Golf

Golfers sweat on putter ruling

2012-11-28 11:04
Belly putter (File)
California - Keegan Bradley and Webb Simpson, who both used so-called belly putters en route to major golf triumphs, are among those keenly awaiting a ruling on the use of the controversial clubs.

Global governing bodies The Royal & Ancient and the US Golf Association were expected to announce a decision on Wednesday that could see a significant rule change in putting, perhaps a ban of "anchoring" putters on the body.

Last year, Bradley became the first player to win a major with a putter anchored on his midriff at the PGA Championship.

He was swiftly followed by Simpson at this year's US Open, and Ernie Els at the British Open.

Australia's Adam Scott used a chest-high broomstick putter as he narrowly failed to win his first major at the British Open.

If a new rule is proposed or enacted, it likely would not go into effect until 2016, when golf's rules are next scheduled to be updated.

Simpson, preparing to play in this week's World Challenge unofficial event hosted by Tiger Woods, said Tuesday he was ready to cope with whatever decision is handed down.

"I don't know what their definition of 'anchoring' is going to be," Simpson said, noting that US pro Matt Kuchar plays with a long putter that he holds against his forearm but which isn't anchored like a pendulum to his body.

"First of all, I think we've got to get a definition out," Simpson said, declining to be drawn into debate on whether a rules change would be "fair".

"I've been working with the short putter now for a couple of years," added the American, who said he switched to the belly putter in his college days in a bid for more consistency. "I'm not worried. I expected this day to come."

Bradley, who said in China earlier this month that he would do "whatever it takes to protect myself and the guys on tour," said on Tuesday that the assumption he meant legal action was premature at least.

"I never said the world 'sue'. I never said 'legal action'. Somehow it got twisted around into that," Bradley said.

"I have total respect for Mike Davis and the USGA," added Bradley. "They are doing what they think is best for the game and I respect that. That doesn't mean I'm happy with the decision, but I respect what they're trying to do."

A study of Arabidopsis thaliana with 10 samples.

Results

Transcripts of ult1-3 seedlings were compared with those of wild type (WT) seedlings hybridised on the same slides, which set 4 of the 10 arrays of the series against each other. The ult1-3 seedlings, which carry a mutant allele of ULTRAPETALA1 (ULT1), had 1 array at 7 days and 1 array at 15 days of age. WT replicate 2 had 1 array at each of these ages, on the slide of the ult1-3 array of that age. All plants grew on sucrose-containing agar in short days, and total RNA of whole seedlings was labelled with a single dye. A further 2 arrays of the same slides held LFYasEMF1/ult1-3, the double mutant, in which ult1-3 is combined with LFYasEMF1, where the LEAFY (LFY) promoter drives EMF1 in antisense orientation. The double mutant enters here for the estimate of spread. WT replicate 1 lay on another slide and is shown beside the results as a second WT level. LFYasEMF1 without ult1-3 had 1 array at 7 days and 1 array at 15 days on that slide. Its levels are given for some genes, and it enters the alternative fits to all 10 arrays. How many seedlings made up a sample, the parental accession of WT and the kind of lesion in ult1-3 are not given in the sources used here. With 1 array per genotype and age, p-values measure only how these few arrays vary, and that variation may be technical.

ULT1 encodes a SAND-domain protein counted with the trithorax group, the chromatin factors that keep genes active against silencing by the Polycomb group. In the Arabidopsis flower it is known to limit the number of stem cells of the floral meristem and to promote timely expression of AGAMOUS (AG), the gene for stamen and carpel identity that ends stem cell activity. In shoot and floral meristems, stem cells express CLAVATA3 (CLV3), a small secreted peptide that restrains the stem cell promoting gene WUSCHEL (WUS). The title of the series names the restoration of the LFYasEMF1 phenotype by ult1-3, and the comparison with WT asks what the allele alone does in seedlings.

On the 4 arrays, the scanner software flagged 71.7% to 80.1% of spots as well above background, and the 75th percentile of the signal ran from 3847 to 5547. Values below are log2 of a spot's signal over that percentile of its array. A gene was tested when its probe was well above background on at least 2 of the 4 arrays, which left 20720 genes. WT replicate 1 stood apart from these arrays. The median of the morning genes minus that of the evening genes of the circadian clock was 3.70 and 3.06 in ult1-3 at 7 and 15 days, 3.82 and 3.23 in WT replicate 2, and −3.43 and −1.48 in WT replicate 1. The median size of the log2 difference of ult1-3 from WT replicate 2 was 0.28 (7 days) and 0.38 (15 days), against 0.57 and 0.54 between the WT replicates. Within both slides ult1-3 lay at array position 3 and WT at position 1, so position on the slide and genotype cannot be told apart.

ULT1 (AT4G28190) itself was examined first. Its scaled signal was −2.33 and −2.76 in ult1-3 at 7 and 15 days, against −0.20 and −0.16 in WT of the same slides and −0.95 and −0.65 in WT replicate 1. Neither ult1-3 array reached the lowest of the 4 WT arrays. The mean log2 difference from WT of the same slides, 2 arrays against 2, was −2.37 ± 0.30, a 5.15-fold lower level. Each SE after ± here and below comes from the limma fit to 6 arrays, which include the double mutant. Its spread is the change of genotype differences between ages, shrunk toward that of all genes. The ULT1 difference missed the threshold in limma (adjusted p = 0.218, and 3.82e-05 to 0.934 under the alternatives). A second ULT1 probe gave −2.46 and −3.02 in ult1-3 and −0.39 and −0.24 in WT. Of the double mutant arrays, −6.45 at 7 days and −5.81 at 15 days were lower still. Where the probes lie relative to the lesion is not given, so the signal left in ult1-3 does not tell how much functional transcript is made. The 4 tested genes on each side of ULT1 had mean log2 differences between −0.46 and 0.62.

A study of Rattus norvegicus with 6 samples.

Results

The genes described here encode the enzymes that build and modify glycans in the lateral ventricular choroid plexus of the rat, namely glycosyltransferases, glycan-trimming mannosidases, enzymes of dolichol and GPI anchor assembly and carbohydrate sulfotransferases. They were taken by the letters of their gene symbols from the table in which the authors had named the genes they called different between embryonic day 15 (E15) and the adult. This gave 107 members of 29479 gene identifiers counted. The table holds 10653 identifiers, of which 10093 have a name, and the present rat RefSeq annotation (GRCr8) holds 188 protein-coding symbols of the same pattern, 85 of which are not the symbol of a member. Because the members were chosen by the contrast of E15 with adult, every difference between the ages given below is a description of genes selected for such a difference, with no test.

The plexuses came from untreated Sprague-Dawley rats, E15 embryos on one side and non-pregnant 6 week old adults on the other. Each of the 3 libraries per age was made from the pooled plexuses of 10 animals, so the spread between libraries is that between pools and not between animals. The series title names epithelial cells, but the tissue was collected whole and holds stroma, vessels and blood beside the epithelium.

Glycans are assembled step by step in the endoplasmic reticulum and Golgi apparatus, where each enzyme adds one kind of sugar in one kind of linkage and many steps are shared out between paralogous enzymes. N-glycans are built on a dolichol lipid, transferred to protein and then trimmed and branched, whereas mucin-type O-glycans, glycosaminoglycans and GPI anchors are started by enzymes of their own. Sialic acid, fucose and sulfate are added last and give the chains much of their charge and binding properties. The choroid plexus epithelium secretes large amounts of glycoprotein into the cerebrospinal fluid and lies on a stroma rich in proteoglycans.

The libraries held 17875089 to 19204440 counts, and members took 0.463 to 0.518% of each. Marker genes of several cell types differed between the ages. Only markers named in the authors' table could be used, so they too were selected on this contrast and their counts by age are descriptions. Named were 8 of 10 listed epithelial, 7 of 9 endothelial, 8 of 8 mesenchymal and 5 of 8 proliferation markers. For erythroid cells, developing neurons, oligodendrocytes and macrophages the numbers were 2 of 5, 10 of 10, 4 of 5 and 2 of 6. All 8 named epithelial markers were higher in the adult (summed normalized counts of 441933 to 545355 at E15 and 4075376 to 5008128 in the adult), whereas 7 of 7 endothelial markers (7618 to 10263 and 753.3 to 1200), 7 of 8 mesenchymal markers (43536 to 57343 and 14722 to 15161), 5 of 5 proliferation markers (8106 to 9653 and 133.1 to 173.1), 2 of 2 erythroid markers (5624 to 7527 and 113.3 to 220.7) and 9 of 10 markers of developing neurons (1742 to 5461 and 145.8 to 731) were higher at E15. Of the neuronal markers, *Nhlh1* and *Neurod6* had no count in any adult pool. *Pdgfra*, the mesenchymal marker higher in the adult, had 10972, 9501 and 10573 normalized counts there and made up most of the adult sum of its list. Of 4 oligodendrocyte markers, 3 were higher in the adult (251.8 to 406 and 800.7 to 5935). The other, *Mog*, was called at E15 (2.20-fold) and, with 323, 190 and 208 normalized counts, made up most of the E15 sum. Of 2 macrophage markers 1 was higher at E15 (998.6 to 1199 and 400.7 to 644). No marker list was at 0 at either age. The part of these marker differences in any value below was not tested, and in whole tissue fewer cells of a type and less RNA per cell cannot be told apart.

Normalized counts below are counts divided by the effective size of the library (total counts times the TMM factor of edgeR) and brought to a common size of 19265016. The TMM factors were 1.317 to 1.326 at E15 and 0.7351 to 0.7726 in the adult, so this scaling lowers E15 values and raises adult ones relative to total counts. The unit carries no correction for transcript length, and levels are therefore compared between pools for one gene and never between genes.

Like Simpson, Bradley said he was reserving his response until he actually hears what the R&A and USGA have to say.

But he said he believes it's not just the major victories prompting golf's rule-makers to act, but the increased use of long putters by youngsters coming into the game.

"Personally, I don't see why that's a huge negative," Bradley said. "But I would imagine that they're more worried about the younger guys than the guys kind of in the twilight of their career."

Long putters have been used in golf for more than 20 years, first gaining prominence on the 50-and-over tour now called the Champions Tour.

Rocco Mediate became the first player to win a PGA Tour event using a long putter anchored on his body in 1991, and Paul Azinger did so in 2000.

Plenty of influential voices have been raised against anchoring.

Els was among the opponents of belly putters back in 2004, only reluctantly turning to one to try to iron out his putting woes.

He has since said it requires skill to use effectively, but such greats as Tom Watson and Arnold Palmer have said an anchored putter does not produce a true golf stroke.

That's also the position of 14-time major champion Woods.

"I just believe that the art of putting is swinging the club and controlling nerves. And having it as a fixed point, as I was saying all year, is something that's not in the traditions of the game," Woods said on Tuesday.

"We swing all other 13 clubs. I think the putter should be the same. It should be a swinging motion throughout the entire bag."